Many Questions Unanswered On Future Of Mexico Tourism Promotion

Bruce Parkinson, Open Jaw

A new broom sweeps clean, the saying goes, but there are fears among the travel and tourism industry that Mexico’s new broom – the government of President Andres Manuel Lopez Obrador – is sweeping away the tourism promotion infrastructure that has helped drive Mexico’s meteoric rise to become the sixth-most-visited country in the world.

The new president took office 1DEC, 2018, and within a week  the country’s newly appointed secretary of tourism, Miguel Torruco, had confirmed that the Tourism Promotion Council of Mexico (CPTM), the entity that funded the tourism board’s more than 20 offices in major cities around the world, would be shut down quickly.

Open Jaw Quebec reports that Mexico’s Tourist Promotion Office in Montreal, located at Place Ville Marie, has been closed since 31JAN, though employees are still answering enquiries from home. While getting a definitive answer is difficult, other reports suggest the Toronto office will close at the end of this month.

Reports in Mexico’s news media suggest that the new government was unhappy about a “lack of transparency” in how the Tourism Promotion Council spends its hefty US$295 million annual budget. Other media accounts said that the budget would be shifted to help fund the construction of a US$7.4 billion railroad linking major tourism destinations on the Yucatan peninsula.

Tourism promotion funding is a frequent target of new governments looking for relatively painless ways to cut costs. But Mexico, where tourism now makes up 9% of the gross domestic product, is in a more vulnerable position than many destinations.

Drug cartel violence is a massive problem for the country’s international reputation, and while that violence rarely involves tourists directly, there are frequent incidents in or around tourism destinations that generate negative publicity and associated fear. MTB offices have played a significant role in balancing that narrative.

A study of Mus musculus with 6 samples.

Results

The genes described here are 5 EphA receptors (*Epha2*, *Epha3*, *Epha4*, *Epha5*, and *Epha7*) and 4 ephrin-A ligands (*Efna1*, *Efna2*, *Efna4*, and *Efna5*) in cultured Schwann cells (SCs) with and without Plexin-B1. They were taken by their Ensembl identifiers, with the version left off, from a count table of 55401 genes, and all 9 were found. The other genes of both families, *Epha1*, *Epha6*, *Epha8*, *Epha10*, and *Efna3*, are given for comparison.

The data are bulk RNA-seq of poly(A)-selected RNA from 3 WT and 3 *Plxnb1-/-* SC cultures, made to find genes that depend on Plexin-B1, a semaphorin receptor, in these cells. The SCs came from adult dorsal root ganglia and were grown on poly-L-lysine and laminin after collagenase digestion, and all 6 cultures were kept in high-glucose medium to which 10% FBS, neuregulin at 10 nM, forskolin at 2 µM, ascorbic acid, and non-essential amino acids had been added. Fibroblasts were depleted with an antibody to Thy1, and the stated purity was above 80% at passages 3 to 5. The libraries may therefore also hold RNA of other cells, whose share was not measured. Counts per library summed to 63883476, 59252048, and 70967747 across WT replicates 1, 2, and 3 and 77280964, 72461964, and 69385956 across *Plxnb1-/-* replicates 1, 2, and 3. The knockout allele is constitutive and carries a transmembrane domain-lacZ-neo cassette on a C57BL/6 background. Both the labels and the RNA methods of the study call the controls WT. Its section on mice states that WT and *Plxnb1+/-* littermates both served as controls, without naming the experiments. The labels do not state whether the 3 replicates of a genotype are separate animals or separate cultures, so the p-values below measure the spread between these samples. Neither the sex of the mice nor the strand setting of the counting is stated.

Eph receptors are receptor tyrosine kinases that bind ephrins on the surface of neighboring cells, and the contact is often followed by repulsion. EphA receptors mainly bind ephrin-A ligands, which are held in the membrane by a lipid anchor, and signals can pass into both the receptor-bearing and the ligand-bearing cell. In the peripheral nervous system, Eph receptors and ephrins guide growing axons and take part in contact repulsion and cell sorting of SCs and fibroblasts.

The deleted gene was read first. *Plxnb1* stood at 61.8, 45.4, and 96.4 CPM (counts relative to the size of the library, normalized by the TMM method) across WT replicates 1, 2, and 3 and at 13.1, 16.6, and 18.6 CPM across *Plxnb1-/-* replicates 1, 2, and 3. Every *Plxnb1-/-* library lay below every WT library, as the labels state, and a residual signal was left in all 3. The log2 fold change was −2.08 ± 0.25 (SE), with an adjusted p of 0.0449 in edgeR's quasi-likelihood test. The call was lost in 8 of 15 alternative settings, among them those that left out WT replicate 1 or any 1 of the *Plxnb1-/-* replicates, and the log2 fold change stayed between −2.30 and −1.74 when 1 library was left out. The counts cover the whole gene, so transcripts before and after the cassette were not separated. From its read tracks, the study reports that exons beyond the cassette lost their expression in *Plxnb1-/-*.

There is talk of replacing Mexico’s current tourism promotion structure with a private/public entity – something that has been achieved successfully in other nations.

But as Michel Wohlmuth, president of the Meeting Planners International Mexico Chapter told MPIWeb: “I have talked to the minister of tourism and what I still don’t understand is why it would be shut down before there is anything there to take its place -- we are going to lose time; and I don’t know how much time before there is anything there to take the tourism board’s  place,” he said.

Pablo Azcarraga, who chairs both the Mexican hotel chain Grupo Posadas and Consejo Nacional Empresarial Turistico (CNET), the voice of Mexico's private tourism sector, told U.S. trade publication Travel Weekly that the private sector "is in the process of negotiating with the federal government a new proposal to create a new joint entity that will manage the advertising and promotion funds."

When the new Mexican government announced late last year that it planned to close all of the tourist offices outside the country, it said tourism promotion efforts would be handled through the offices of its embassies and diplomatic missions. There are few examples of that being done successfully, and observers say the timing of the dissolution of the Mexico Tourism Board so quickly after the new president took office suggests that a significant analysis of the tourism board’s effectiveness was not undertaken before the plug was pulled.

As well as the Montreal and Toronto locations, Vancouver is also host to a Mexico Tourism Board office. Canada is a massive source market for Mexico tourism, with 2.1 million arrivals in 2018. The destination represents about a third of sun package sales for major Canadian tour operators.

Bruce Parkinson

Bruce Parkinson Editor-in-Chief

An observer and analyst of the Canadian and international travel industries for over 25 years, Bruce uses the pre-dawn hours to prepare a daily news and information package to keep industry members up to date.